While a typical hearing involves a witness (or witnesses), a jury, and a defendant explaining himself, this is not the same for bankruptcy. There may be a bankruptcy hearing, with the court overseeing the process, but debtors are not essentially on trial. This is mainly because having or being in debt is not a criminal offense.
The court’s role is to evaluate the facts of your financial standing and ensure that creditors will get fair compensation. You may need to attend a few hearings before the settlement, but this will depend on the bankruptcy chapter you file. Here’s what you can expect in a hearing:
Meeting of Creditors
For the most bankruptcy cases, judges are out of the picture. The court will have a trustee to manage and administer the case, with tasks involving evaluation of your financial statements and holding a meeting of creditors. The goal is to allow the creditors and trustee to know more about your financial situation. Most of the questions are about debt, assets, income, expenses, and others.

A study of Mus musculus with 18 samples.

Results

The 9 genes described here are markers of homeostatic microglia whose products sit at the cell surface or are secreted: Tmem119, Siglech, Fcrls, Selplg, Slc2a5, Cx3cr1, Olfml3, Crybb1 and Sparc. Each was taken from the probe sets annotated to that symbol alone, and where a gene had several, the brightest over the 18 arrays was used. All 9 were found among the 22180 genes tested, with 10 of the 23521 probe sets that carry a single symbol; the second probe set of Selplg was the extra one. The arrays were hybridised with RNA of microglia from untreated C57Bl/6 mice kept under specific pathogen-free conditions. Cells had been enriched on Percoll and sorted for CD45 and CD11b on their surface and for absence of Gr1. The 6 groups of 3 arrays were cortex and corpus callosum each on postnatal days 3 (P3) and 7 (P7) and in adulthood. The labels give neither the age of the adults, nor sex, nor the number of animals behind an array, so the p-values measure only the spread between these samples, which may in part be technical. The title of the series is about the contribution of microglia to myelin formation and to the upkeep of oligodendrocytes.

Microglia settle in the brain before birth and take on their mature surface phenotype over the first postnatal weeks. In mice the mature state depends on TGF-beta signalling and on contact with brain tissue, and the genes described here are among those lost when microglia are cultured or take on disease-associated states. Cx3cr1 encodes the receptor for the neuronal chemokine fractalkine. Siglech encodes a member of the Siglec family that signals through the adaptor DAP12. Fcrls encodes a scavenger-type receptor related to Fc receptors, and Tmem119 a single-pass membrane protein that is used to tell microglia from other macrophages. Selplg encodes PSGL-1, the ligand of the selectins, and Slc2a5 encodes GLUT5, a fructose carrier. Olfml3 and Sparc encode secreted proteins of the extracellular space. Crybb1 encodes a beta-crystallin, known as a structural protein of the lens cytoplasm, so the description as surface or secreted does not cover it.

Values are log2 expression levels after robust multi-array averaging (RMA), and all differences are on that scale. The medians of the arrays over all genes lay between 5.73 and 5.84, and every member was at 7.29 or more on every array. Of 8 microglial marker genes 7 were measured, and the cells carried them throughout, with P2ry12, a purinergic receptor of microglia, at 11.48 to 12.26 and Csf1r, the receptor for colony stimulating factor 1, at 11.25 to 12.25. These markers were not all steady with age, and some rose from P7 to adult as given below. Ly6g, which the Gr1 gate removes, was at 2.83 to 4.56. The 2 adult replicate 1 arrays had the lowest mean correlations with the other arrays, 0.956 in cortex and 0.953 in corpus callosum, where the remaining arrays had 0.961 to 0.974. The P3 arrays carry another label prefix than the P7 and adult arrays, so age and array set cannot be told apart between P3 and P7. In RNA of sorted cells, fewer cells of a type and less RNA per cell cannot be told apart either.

Bankruptcy Chapter Matters
With a Chapter 7 case, the trustee will name your nonexempt assets, with the goal of selling them to pay your creditors back. For Chapter 13, the trustee will gather all your financial records and ensure that your repayment strategy is fair to all of those you owe money. Chapter 13 bankruptcy lawyers in Sandy note that this involves living in a strict budget to complete the repayment.
The Role of Lawyers
While you can file bankruptcy on your own, it is advisable to consult an attorney. In fact, USCourts.gov strongly recommends seeking a lawyer, as the case has long-term legal and financial outcomes. There is also the risk of misunderstanding the law and making errors in the process. The right lawyer will explain the law to you, advise which chapter to file, and assist you in the case.
You don’t have to fear the bankruptcy hearing or meeting of creditors. It best to do some preparation before or get guidance from a qualified bankruptcy attorney.